Laughter therapy is a thing. Here’s what it can do.
There are about a thousand reasons you might be struggling to sleep at night (and that’s only a slight exaggeration). TBH, many of those reasons stem from the same issue: stress.
When you experience severe stress for long periods of time, your muscles are in a nearly constant state of tension, as if they’re trying to remain ready to run or bail if things really heat up, according to the American Psychological Association. Long-term tension puts strain on the rest of the body, particularly in functions regulated by the hypothalamic-pituitary-adrenal (HPA) axis.
Hormones that are produced in the HPA axis are responsible for things like appetite, sexual reproduction and desire, and even body temperature regulation. When stress impairs the HPA axis, other hormones may be inhibited to conserve resources. Learn more about the chronic physical symptoms of stress and anxiety.
Tense muscles can make it difficult to relax and shut off a racing mind, so it’s no surprise that high stress levels disrupt your sleep. Whether it’s a stressful workplace, a frustrating relationship, or an actual anxiety disorder, this chronic “fight or flight” response is bound to affect your ZZZs.
What Is Laughter Therapy and What Does It Do?
From yoga to massage to meditation, many relaxation techniques can help manage stress levels, but a more jovial one that’s becoming increasingly common at senior citizen homes and cancer care centers is laughter therapy.
Laughter therapy is formally defined as a type of therapy that uses humor to cope with pain and stress and improve someone’s quality of life and overall health, according to the National Cancer Institute. Clowns, funny books and movies, games, and puzzles can all be used to induce laughter.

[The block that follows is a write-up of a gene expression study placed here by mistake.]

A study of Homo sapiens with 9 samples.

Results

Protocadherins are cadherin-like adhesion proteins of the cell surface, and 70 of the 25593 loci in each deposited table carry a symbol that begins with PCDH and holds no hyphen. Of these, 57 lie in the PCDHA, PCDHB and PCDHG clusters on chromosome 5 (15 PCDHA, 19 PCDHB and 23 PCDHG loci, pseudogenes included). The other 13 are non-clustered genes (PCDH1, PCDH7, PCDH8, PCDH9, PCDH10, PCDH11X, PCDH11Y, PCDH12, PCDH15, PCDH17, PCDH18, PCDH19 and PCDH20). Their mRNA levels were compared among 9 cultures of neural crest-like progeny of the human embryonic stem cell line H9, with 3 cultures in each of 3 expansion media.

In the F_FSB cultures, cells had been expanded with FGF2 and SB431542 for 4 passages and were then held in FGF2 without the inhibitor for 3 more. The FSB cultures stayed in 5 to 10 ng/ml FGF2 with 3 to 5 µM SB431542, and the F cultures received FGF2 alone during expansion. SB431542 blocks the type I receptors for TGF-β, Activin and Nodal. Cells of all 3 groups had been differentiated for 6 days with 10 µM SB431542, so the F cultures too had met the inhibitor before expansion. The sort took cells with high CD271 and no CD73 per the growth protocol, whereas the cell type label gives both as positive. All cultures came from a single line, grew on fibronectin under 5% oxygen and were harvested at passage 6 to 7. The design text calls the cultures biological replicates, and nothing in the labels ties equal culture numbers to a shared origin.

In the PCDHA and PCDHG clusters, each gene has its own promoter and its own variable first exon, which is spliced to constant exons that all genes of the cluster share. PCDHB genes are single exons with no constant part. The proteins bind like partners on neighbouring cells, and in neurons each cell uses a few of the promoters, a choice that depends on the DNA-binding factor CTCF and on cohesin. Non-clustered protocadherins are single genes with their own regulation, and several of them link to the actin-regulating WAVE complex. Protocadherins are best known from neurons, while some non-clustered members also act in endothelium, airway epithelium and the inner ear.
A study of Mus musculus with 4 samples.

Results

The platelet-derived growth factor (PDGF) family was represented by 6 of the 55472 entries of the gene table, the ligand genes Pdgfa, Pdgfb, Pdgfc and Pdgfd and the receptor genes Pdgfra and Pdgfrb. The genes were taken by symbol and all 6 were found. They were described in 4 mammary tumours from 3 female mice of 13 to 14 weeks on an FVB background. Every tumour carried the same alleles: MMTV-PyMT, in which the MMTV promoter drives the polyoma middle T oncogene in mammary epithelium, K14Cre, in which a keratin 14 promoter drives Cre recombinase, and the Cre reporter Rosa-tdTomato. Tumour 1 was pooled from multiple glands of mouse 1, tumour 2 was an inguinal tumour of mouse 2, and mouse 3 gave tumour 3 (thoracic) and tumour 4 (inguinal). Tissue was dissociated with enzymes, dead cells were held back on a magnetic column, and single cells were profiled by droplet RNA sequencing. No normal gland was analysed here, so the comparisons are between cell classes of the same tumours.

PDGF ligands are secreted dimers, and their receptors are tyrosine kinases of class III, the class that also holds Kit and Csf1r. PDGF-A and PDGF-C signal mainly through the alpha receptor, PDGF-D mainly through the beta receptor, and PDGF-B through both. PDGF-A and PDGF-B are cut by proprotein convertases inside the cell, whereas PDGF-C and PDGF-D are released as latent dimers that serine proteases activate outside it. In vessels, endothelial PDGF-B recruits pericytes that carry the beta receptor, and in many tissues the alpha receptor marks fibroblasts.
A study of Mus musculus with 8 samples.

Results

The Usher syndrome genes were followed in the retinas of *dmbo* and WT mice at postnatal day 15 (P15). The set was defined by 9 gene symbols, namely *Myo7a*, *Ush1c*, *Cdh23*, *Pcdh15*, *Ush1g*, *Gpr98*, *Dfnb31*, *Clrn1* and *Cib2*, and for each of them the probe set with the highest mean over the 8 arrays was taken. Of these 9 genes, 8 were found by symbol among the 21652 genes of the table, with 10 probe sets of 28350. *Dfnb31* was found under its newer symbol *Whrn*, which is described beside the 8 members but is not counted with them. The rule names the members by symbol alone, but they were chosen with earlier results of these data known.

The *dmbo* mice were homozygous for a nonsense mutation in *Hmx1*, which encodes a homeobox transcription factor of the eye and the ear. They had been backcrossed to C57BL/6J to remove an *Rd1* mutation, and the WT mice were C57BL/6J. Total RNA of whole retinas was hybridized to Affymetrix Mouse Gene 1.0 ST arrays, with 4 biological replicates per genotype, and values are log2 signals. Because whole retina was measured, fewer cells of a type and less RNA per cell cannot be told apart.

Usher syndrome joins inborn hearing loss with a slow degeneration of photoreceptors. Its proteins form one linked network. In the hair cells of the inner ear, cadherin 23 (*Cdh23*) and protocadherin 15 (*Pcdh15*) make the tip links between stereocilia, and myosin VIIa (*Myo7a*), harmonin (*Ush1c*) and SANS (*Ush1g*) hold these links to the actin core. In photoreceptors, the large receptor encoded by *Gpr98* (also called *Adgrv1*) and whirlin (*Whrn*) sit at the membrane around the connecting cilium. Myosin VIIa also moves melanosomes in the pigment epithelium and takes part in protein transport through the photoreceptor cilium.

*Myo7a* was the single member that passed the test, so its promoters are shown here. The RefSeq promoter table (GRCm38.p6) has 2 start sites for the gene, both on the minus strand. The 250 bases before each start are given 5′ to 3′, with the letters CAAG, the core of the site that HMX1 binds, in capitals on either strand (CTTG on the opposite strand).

It sounds too good to be true, but there’s now scientific data showing laughter can truly boost your health in a number of ways. A 2016 study of over 20,000 adults over the age of 65 found that those who reported laughing every day had a lower prevalence of heart disease and stroke compared to those who laughed “never or almost never.”
Correlation is not causation (and it’s possible that the prevalence of a chronic illness could result in wanting to laugh less). But consider the mechanics of laughing: Your chuckles and chortles produce endorphins, which can help lower levels of the stress hormones cortisol and adrenaline. Those wonderful endorphins can help the relieve pain and relax the nervous system.
So, Can Laughing More Help You Sleep?
If laughter can effectively help you relax, then it might help your sleep quality, too. In a 2011 study, more than 100 participants with depression and insomnia were split into two groups: a control group and a laughter therapy group. (Learn more here about how depression can affect sleep.)
Compared to the control group, those in laughter therapy saw statistically significant improvements in depression, insomnia, and sleep quality. This suggests that the laughter may be more powerful than anyone thought—helping to boost mood and relaxation and improve sleep.
Most studies specifically study the effects of a formal intervention program of laughter therapy, but adding “casual laughter” to your life could yield similar results. Watching funny movies and shows (or hanging out with your hilarious friend) might help bust some of that stress and give you a better night’s sleep.
Laugh it up, and check out these other tips to sleep better tonight.
Hayashi K, Kawachi I, Ohira T, Kondo K, Shirai K, Kondo N. Laughter is the best medicine? A cross-sectional study of cardiovascular disease among older Japanese adults. J Epidemiol. 2016;26(10):546-52.
Ko JH, Young CH. Effects of laughter therapy on depression, cognition, and sleep among the community-dwelling elderly. Geriatr Gerontol Int. 2011 Jul;11(3):267-74.
Laughter for health. AARP. (Accessed on June 23, 2018 at https://www.aarp.org/health/healthy-living/info-06-2011/laughter-health.html.)
Laughter therapy. National Institute of Cancer. (Accessed on June 23, 2018 at https://www.cancer.gov/publications/dictionaries/cancer-terms/def/laughter-therapy.)
Stephens MAC, Wand G. Stress and the HPA axis: role of glucocorticoids in alcohol dependence. Alcohol Re. 2012;34(4):468-83.
Stress and insomnia. National Sleep Foundation. (Accessed on June 23, 2018 at https://sleepfoundation.org/ask-the-expert/stress-and-insomnia.)
Stress effects on the body. American Psychological Association. (Accessed on June 23, 2018 at http://www.apa.org/helpcenter/stress-body.aspx.)